RCom cancels merger with Aircel, says it was mutual
Due to the disruption caused by Jio in the already financially strained telecom sector, some players decided to merge in order to survive.
RCom will look at alternative routes now
What is it all about?
The merged entity of RCom and Aircel was decided to be named Aircom. RCom was supposed to hold 50% stake in the new company.
Once merged, Aircom would have had a combined subscriber base of 190 million.
Reportedly, the merged entity's net worth would have been Rs. 35,000 crore with a cumulative debt of Rs. 28,000 crore, in which both companies were to contribute equally.
Reliance Communications (RCom) has now said, "Merger agreements with Aircel allowed to lapse by mutual consent."
The reason being "inordinate delays caused by legal and regulatory uncertainties, various interventions by vested interests, policy directives impacting bank financing for telecom and changed industry dynamics," stated RCom.
RCom said it'll now mull on alternative routes for its telecom business by optimizing its spectrum portfolio and focusing more on 4G.
The firm believes that a proper monetization of its tower and fiber assets, the sale of real estate and the optimization of its spectrum assets would garner Rs. 25,000 crore, which will then get directed towards reducing its Rs. 42,000 crore debt.
The firm is in a miserable shape
In the September AGM of RCom, Anil Ambani had said that the telecom firm was going through troubled times because of regulatory, legal and corporate rivalries.
However, it'll not bow down, as a merger and stake sale were on the cards, Ambani had said.
This would've cumulatively solved the huge debt problem that the firm was facing and made sure that it remained solvent.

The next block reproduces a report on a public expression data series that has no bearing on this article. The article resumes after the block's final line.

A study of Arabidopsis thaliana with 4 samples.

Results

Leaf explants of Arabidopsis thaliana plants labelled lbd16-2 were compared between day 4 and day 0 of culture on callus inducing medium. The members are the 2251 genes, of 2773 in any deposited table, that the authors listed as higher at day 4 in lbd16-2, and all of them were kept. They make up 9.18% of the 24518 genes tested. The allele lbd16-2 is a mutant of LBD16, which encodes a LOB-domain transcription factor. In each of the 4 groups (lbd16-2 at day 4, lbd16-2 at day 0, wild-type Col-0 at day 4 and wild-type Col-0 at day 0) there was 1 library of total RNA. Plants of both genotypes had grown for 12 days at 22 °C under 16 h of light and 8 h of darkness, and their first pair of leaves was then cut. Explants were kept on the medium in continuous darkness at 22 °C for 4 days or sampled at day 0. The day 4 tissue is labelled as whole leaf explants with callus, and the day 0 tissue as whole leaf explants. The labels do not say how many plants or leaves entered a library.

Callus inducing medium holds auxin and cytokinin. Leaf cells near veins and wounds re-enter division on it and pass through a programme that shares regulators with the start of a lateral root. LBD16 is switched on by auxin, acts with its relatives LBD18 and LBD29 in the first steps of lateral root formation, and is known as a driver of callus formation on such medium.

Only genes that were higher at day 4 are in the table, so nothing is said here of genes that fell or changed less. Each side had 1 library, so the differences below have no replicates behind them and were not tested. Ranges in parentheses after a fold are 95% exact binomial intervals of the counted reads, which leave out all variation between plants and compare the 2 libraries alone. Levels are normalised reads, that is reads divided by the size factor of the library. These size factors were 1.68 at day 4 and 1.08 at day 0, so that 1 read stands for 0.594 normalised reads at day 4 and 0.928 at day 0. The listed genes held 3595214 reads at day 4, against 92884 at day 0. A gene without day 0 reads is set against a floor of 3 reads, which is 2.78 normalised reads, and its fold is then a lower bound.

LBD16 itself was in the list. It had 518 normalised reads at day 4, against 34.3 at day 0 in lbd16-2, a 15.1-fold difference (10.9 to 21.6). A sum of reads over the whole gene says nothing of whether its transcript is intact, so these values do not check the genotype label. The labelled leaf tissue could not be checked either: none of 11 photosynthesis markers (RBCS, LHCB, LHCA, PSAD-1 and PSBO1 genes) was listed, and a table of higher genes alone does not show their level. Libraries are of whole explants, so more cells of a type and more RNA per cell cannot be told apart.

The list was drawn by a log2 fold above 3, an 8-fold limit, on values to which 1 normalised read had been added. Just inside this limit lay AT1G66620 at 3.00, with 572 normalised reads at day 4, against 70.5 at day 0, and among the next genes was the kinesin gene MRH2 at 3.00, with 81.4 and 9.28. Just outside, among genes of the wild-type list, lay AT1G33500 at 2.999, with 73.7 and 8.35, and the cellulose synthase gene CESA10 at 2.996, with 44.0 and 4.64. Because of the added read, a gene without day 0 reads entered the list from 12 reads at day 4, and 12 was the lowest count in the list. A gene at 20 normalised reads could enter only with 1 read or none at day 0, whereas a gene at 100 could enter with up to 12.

Putting up a brave face
In the AGM, Ambani tried to calm down the spooked shareholders by saying that firm had "multiple backup options" to revive itself and more clarity, on its future course, will be provided by March 2018.
He also said that the entire sector was in duress as financial institutions have stopped lending the capital-intensive sector, which needs capital expenditure of Rs. 100,000 crore per year.
Hiccups with the merger
The proposed merger did face several hiccups. Three of its main lenders had refused the petition of this merger. However, later, China Development Bank, Standard Chartered Bank, and HSBC gave their consent.
Then trouble brewed again, when RCom's creditors, Indus Towers, Ericsson, Department of Telecommunications, Bharti Infratel and GTL Infrastructure's Chennai Network Infrastructure, objected to it, saying their dues should be cleared first.
What's the condition now?
RCom's senior counsel had mentioned earlier that this merger could save assets worth Rs. 100,000 crore from being obsolete along with benefiting 90 million consumers, 16,000 retail shareholders and 100,000 employees.
The telecom player is currently going through a strategic debt restructuring and is in talks with the banks for balance debt post de-leveraging. Its SDR period will continue till December end.
Brookfield may show interest
Meanwhile, Canadian investor Brookfield may now try to revive the pending acquisition of RCom's towers. However, it will be done at a revised price.
A person in the know, said that the valuation of these towers will have to be brought down considerably for the acquisition to go through, as its earlier valuation was riding high on the Aircel and RCom merger.